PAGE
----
Monday, July 9, 2012

"my three words have two meanings...but there is one thing on my mind" Lego House--Ed Sheeran

The world might not be in as bad of shape as it is if all the people in it were Irish. Not the big city Irish people either, but the ones from the small fishing towns and villages along the coasts. But I'll get to that later. For now I need to get caught up on what happened between now and Moscow. I wish I had the patience to sit and write out all the details of everything I remember, but I don't. At least not for here on the blog.

This past winter in Moscow was the longest winter of my life. Maybe because I was away from home again. Maybe it was because it snowed almost everyday right through the first week of April. Maybe it was because I didn't have a nice, heated car and had to hoof it everywhere I went. Maybe it was all of those things. Maybe there were a few more reasons, too.

It was also the most memorable winter of my life.

Maybe it was because I lived on a floor full of foreign students in a dorm on the campus of the Russia Academy of National Economics under the President of the Russian Federation (pretty official sounding, eh?). Maybe it was because my atheist professor could have doubled for the part of Professor Trelawny in the Harry Potter movies. Maybe it was because I had a German bishop with a Russia-hating wife in an international branch where I was called as a primary teacher. Maybe it was because I was back in the former Soviet Union and this time I wasn't a missionary. Maybe it was all of those things, but there are definitely more reasons, too.

About two weeks into my stay in Moscow I went and bought a $40 guitar to give me something to do in my down time. I don't play very well, but that guitar made more friends than I did. It all started when the rest of the international students got moved in to our floor and decided to get together in the commons area and drink. Me and my roommate (2 of 3 Mormons living on the floor) got a knock on our door that night and invited to come out and drink with everyone. Well, we didn't drink, but we ate a lot of chips.

After about an hour or so of people drinking and me eating chips, the other Mormon lad on our floor asked to see the guitar that I bought. Before long we had 17 people from 10 different countries crammed into a tiny dorm room singing "Heart of Gold" as loud as they could--over and over and over. We must have sung it 7 or 8 times in a row. This taught me one of the great truths of this life: that good music and enough alcohol can bridge any language, cultural, or age gaps.

The dorms in Moscow made our social life loads more fun. Because we were on campus so much we were able to meet lots of the students, who wanted to hang out with us because we are from America. We even got to "teach" two classes of students studying English. And that was where we met Anna, who in turn introduced us to Seva and Vannya. These three people are some of the greatest that I know.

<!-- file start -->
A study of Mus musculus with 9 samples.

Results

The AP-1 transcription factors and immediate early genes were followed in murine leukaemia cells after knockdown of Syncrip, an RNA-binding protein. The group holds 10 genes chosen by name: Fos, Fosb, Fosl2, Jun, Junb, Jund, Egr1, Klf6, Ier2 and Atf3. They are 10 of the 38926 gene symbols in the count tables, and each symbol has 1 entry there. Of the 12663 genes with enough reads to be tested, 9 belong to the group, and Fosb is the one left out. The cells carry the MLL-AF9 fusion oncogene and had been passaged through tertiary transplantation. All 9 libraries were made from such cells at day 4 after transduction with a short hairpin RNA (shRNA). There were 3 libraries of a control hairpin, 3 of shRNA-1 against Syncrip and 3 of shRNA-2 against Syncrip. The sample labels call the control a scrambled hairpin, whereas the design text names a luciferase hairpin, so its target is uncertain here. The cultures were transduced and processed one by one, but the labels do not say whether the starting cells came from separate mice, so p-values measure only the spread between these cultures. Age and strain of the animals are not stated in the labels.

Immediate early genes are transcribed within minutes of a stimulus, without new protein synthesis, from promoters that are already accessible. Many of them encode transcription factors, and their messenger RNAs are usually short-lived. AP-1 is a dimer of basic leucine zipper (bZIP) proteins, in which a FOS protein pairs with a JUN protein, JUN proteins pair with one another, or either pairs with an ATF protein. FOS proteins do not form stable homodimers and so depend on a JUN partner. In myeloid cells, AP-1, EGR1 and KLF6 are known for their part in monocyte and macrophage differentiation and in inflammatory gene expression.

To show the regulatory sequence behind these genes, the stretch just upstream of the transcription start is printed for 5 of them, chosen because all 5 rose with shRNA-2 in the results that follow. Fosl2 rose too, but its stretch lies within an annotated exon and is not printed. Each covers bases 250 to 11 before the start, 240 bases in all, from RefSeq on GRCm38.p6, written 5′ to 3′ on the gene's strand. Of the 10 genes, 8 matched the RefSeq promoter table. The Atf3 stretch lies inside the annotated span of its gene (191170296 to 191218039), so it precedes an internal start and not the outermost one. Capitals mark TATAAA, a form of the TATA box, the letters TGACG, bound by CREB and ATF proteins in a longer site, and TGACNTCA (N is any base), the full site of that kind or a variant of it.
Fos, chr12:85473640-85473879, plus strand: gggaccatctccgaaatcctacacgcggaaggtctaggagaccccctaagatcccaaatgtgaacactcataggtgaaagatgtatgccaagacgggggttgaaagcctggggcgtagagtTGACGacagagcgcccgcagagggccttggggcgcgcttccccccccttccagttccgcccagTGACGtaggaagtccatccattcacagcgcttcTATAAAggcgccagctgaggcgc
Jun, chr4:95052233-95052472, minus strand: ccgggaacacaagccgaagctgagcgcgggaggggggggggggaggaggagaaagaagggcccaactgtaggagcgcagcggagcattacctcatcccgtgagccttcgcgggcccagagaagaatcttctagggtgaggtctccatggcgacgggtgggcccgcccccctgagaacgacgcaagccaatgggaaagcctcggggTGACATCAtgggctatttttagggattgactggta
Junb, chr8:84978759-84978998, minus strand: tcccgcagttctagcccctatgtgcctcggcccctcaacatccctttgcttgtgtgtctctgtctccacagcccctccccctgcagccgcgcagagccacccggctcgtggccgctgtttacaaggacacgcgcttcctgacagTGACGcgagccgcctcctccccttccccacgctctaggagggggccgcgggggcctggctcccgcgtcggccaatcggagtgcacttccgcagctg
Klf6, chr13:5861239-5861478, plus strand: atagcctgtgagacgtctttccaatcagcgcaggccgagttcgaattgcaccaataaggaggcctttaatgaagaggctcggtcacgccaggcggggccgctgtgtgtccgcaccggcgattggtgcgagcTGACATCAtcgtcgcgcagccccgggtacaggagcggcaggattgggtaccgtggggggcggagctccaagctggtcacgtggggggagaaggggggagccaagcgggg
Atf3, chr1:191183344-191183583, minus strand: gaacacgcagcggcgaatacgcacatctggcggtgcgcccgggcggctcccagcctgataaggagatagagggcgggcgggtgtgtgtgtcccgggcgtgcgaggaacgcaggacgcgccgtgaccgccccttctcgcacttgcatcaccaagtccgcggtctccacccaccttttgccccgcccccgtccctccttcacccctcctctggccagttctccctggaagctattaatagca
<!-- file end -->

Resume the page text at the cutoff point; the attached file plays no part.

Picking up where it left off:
The first time that I met Seva and Vannya was when they picked us up and drove us outside of Moscow to a foster home for young boys. On the way we stopped at a supermarket and Seva bought a bunch of juice, cookies, crackers, notebooks, pens, crayons, and play-dough to take to them. I found out later that  Seva and his father have been doing this sort of thing for years, and he brings his friends with him whenever he goes.

While on the way to the foster home, Seva told me about a conversation that he had with a young black student living in Moscow who's father died recently. His father had been the one paying for his tuition, so when the payments couldn't be made anymore the university kicked the young man out and gave away his spot in the dorms. I listened, and then logged it away in the "Sad Stories" part of my brain.

The day after we went to the foster home, Seva took me and my Canadian friend Simon (who lived on the same floor as us and was one of those that got super drunk the night we sang "Heart of Gold" a thousand times) and treated us to a game of Russian billiards. While Simon and I were playing, I eavesdropped on a call that Seva made. Seva, in less than 24 hours, had found a place to stay and a job for this young black student. 

That story is the best way that I can describe Seva. His friend Vannya is cut from the same mold. And I found myself wishing I was more like these two Russian 20 year-olds--wishing I would do good things for people just because I could and wanted to, and not because someone was expecting me to. They drink, smoke, swear, watch what would be R-rated movies if Russia had any kind of a rating system, and do just about everything that would be condemned by any Happy Valley-an.

But more than that they are good people.

This post took a little different direction than I intended. I'm tired and going to bed. Looks like I'll have to catch up on my Moscow adventure in periodic installments.

I'm not even close to telling you why the world would be better if we were all small-town Irish folk. But I'll get around to it--maybe in a month or six.